How To Be The Smartest Actor In Any Room

Recently, I was speaking to a group of actors about a movie I’ll be directing next summer, and they asked about my casting process. I told them all directors are looking for the same thing in any actor. Does the actor speak our cinematic language?

Actors would do well to remember that directors want to direct movies for one reason and one reason only. They love movies. They grew up devouring a steady diet of movies, and they want to make movies that are inspired by the movies and directors who came before them. Those directors were also inspired by the directors who came before them and so on back to D.W. Griffith and his contemporaries who first began developing cinematic language over a hundred years ago. All movies ever since have been inspired by that cinematic language, and that cinematic language has continued to be developed by each successive generation of directors and in turn handed down to the generation of directors who followed and so on.

Just as actors have a common language they share through the traditional actor’s process and have handed down to successive generations of actors for over a hundred years so have filmmakers developed their own common language which they have handed down to successive generations for over the same one hundred years. It stands to reason then that directors would be looking for actors who also understand and know how to speak that cinematic language which by the way has been spoken by generations of great film actors as well.

I imagine that most actors reading this are now asking themselves what is this cinematic language and how can they learn it. It starts with a simple question when approaching a scene. How do they do it in the movies, or how is the scene classically done when it is done in the movies? Many actors turn up their artistic noses at the thought of doing something the way it is classically done. They want to be seen as unique talents, and they want their work to be considered original. They want us to see them as actors who can bring something to a scene no other actor can when, in fact, we’re looking for actors who can bring to a scene and the screen the same cinematic understanding that great movie actors and directors have brought to scenes and the screen for generations.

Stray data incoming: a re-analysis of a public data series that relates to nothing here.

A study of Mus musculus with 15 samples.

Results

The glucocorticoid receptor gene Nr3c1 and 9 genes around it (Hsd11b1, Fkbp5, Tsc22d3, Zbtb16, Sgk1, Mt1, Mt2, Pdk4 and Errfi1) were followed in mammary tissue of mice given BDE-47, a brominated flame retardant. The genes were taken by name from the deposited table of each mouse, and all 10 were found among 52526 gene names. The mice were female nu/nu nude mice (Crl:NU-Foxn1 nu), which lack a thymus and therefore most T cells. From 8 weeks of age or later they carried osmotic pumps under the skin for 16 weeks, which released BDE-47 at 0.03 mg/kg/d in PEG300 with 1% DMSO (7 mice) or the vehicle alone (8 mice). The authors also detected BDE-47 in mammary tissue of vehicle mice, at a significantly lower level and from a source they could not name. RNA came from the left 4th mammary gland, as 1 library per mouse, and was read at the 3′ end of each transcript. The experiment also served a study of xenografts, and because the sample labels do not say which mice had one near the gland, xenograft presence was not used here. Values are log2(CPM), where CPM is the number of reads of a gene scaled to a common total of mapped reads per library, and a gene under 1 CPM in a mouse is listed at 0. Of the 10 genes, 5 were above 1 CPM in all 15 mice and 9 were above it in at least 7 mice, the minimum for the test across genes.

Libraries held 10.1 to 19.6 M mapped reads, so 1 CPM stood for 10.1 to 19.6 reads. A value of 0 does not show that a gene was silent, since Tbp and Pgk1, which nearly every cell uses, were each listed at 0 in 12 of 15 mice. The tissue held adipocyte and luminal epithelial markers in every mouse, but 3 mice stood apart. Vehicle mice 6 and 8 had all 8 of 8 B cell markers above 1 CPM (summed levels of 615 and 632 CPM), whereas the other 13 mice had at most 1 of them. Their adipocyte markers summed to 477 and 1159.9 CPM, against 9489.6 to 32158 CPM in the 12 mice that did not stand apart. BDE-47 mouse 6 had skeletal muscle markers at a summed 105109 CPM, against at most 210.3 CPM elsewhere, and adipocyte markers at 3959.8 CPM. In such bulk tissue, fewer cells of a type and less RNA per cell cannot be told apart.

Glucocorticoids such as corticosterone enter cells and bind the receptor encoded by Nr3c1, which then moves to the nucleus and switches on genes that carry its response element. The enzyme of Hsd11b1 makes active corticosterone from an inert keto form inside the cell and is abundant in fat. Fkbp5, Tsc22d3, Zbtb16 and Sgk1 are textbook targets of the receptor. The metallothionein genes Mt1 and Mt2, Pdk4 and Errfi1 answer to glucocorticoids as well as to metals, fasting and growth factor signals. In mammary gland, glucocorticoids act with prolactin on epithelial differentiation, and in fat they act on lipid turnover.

Many actors also like to think that we’re looking for actors who are honest and who connect to material and who know how to be real so that we can then direct those actors how to act in the movie. They have it backwards. In fact, no director ever wakes up on the morning of auditions and says that she or he hopes an actor walks into the audition room that day who knows how to be real. What every director hopes on the morning of auditions is that an actor walks into the room who understands how to take a piece of material and play it the way it’s done in a movie. Most directors don’t know themselves how to direct actors to be cinematic, and so those directors are praying for actors to walk into the room who don’t need to be directed and the actors that don’t need to be directed are the ones that speak the cinematic language of movies already. This is what is meant by the maxim “ninety percent of directing is casting”.

“HOW TO STEAL THE SCENE & END UP PLAYING THE LEAD” (The Ebook) – Available now on Amazon & iTunes. John’s column on cinematic creation appears regularly on Backstage.